Guards at the museum saw the man urinating on the monument near the crematoria in the Birkenau camp around 1 p.m. local time and called the police. The man was questioned for several hours before being released and agreeing to pay a $1,500 fine, the Jerusalem Post reported.
He could have gotten far worse: according to Polish law, the man could have been given jail time for desecrating a monument or other public place commemorating an historical event.
In January, a dozen self-proclaimed anti-war protesters who had slaughtered a sheep, stripped naked and chained themselves to the gates of the camp the previous March were sentenced to jail time and steep fines, the Jewish Telegraphic Agency reported at the time. Two were given 14 and 18 month jail sentences and the other 10 each paid fines up to $3,000.
The Auschwitz Museum confirmed the urination incident, calling it "very regrettable," the Times of Israel reported.
Bartosz Bartyzel, spokesperson for the museum, noted that he cannot remember such an incident involving an Israeli citizen before.
The concentration camp at Auschwitz was established by the Nazis in 1940 after conquering and annexing large parts of Poland the previous autumn. The environs of the town of Oświęcim became the epicenter of the Nazis' massive genocide of Jews, as well as Roma, Slavs, homosexuals, mentally and physically disabled people, Jehovah's Witnesses and political dissidents.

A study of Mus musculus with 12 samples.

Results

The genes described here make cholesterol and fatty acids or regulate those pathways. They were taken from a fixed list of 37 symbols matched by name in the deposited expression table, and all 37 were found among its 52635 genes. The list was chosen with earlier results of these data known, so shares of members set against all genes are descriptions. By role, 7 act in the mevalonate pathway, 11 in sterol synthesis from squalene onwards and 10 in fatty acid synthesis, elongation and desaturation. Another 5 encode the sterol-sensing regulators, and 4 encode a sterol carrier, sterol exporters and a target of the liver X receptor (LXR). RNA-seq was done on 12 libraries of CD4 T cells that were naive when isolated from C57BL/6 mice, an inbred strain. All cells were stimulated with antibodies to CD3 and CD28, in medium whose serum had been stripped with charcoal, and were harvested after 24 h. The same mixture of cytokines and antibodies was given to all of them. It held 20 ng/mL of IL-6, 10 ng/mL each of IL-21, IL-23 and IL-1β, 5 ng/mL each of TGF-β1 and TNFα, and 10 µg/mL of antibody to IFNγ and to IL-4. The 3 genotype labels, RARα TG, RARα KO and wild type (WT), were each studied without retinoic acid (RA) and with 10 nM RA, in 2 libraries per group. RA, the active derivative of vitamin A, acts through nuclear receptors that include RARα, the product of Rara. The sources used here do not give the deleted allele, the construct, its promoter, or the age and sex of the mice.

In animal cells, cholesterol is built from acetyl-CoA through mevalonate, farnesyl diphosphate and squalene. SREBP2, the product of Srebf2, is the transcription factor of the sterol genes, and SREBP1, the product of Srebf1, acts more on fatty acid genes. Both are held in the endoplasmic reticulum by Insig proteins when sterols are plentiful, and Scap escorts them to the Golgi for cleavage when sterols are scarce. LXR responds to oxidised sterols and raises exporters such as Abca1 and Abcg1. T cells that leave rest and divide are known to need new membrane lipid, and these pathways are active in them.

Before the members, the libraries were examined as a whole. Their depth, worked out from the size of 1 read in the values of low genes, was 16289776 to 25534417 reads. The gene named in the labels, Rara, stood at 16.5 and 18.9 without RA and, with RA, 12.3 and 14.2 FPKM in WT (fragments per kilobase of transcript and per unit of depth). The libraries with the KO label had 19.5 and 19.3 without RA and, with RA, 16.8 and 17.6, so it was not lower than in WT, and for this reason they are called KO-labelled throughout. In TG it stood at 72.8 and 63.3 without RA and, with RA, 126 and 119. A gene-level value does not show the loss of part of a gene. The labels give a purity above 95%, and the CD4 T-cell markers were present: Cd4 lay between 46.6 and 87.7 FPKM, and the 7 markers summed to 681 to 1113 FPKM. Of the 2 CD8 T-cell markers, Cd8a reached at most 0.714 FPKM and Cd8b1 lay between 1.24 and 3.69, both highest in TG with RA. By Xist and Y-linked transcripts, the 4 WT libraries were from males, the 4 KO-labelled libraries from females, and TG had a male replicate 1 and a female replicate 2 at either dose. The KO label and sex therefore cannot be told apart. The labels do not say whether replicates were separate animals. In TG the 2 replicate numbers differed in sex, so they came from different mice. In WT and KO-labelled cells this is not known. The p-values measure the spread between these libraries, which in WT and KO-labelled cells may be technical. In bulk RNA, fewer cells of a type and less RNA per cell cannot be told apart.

Between 1940 and 1945, roughly 1 million people were exterminated at the camp. The large complex, managed by the Nazi SS, included laboring camps, factories and extermination chambers, into which prisoners were sorted upon arrival. The monument desecrated Wednesday was in the attached Birkenau camp, in which the infamous gas chambers and five crematoria disposed of the victims on an industrial scale.
The camp was liberated by the Soviet Red Army on January 27, 1945. As the Red Army closed in, Nazi officials tried to hide the evidence of their crimes by destroying documents and tearing down some of the crematoria, according to History.com.
The museum opened on the site in 1947 and since then has seen nearly 1 million visitors every year.